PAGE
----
Scandinavian Airlines Stops Duty Free Sales to Cut Emissions

Faced with growing concern about the impact air travel has on climate change, Scandinavian Airlines (SAS) said it will stop selling duty-free goods on planes to reduce weight and save fuel in order to help reduce emissions.

SAS aims to reduce its emissions by at least 25% by 2030.

Recently, airlines have been under pressure to become more environmentally friendly. In Nordic countries in particular, people are becoming more aware of the impact air travel has on the climate.

A survey carried out by Sweden’s national railway operator, SJ, showed that people are increasingly choosing to travel by train rather than plane or cars because of climate change.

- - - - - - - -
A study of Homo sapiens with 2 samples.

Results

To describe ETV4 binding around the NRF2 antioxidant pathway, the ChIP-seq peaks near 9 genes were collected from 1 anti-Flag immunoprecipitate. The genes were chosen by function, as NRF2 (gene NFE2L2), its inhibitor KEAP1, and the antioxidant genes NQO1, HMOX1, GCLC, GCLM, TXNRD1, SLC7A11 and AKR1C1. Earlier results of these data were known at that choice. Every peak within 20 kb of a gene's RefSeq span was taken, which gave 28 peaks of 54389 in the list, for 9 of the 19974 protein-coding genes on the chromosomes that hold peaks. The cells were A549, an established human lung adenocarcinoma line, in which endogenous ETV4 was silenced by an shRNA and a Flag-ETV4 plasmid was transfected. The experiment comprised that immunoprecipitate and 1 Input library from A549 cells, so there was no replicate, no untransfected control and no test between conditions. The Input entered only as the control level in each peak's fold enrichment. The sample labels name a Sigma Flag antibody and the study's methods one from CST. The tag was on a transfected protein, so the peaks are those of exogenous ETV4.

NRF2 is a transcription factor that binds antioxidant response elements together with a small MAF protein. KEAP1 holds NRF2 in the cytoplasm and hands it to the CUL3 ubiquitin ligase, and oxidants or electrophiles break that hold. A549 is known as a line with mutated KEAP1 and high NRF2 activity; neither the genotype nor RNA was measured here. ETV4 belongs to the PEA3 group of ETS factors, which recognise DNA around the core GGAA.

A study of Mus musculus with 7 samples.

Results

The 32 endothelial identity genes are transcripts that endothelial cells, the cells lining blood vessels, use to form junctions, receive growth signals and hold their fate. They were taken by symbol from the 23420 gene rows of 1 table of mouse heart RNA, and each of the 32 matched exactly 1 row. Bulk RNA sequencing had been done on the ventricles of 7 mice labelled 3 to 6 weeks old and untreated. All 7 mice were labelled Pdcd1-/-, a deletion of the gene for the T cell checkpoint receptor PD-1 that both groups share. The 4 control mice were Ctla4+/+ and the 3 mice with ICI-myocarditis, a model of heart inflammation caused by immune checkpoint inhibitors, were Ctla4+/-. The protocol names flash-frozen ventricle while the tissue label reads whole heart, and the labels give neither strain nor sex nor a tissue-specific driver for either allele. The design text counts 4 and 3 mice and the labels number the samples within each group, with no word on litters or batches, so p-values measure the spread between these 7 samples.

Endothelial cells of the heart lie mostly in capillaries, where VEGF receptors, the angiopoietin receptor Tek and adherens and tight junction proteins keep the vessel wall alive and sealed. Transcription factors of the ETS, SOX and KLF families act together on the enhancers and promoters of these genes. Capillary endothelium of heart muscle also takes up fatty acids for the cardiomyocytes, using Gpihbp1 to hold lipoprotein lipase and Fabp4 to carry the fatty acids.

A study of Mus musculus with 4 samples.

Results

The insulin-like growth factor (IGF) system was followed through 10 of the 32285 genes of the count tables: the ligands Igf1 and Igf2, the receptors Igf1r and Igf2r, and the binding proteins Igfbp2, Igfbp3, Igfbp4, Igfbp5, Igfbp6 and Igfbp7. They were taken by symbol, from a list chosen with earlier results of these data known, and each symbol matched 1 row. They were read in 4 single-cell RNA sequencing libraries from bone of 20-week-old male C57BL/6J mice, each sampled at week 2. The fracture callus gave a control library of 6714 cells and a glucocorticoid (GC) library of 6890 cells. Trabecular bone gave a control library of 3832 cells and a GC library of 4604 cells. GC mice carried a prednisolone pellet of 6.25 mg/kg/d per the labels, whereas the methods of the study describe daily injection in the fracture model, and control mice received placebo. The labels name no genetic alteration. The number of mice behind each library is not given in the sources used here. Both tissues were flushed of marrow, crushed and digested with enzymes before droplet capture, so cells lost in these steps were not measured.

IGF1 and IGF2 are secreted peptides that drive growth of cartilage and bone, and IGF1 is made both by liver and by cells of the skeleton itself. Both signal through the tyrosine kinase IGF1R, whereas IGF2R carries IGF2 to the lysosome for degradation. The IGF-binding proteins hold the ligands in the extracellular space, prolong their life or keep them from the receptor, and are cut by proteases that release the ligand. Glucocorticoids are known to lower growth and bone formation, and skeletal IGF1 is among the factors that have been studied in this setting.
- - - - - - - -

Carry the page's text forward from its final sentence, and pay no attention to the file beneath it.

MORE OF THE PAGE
The survey, based on 1,000 interviews, showed that 57% of people think of the environment when traveling in Sweden. Some 37% said they pick trains over planes when possible. That number was only 20% in 2017 and 26% in late 2018.

“The fact that more people choose trains instead of flights and cars for climate reasons causes train travel to soar,” said Tobbe Lundell of SJ.

In 2018, the number of train trips increased by 1.5 million to 31.8 million, SJ said, adding that the number continued to increase in 2019.

At the same time, domestic air travel decreased. Sweden’s main airport operator, Swedavia, said the number of domestic passengers last year dropped by 3% compared to the year before.


  1. SAS, as the airline is known, aims to cut its emissions by at least 25% by 2030. Like other carriers, it is also using new, more fuel-efficient aircraft, but also turning more to biofuels and partnering with Airbus to develop electric and hybrid aircraft.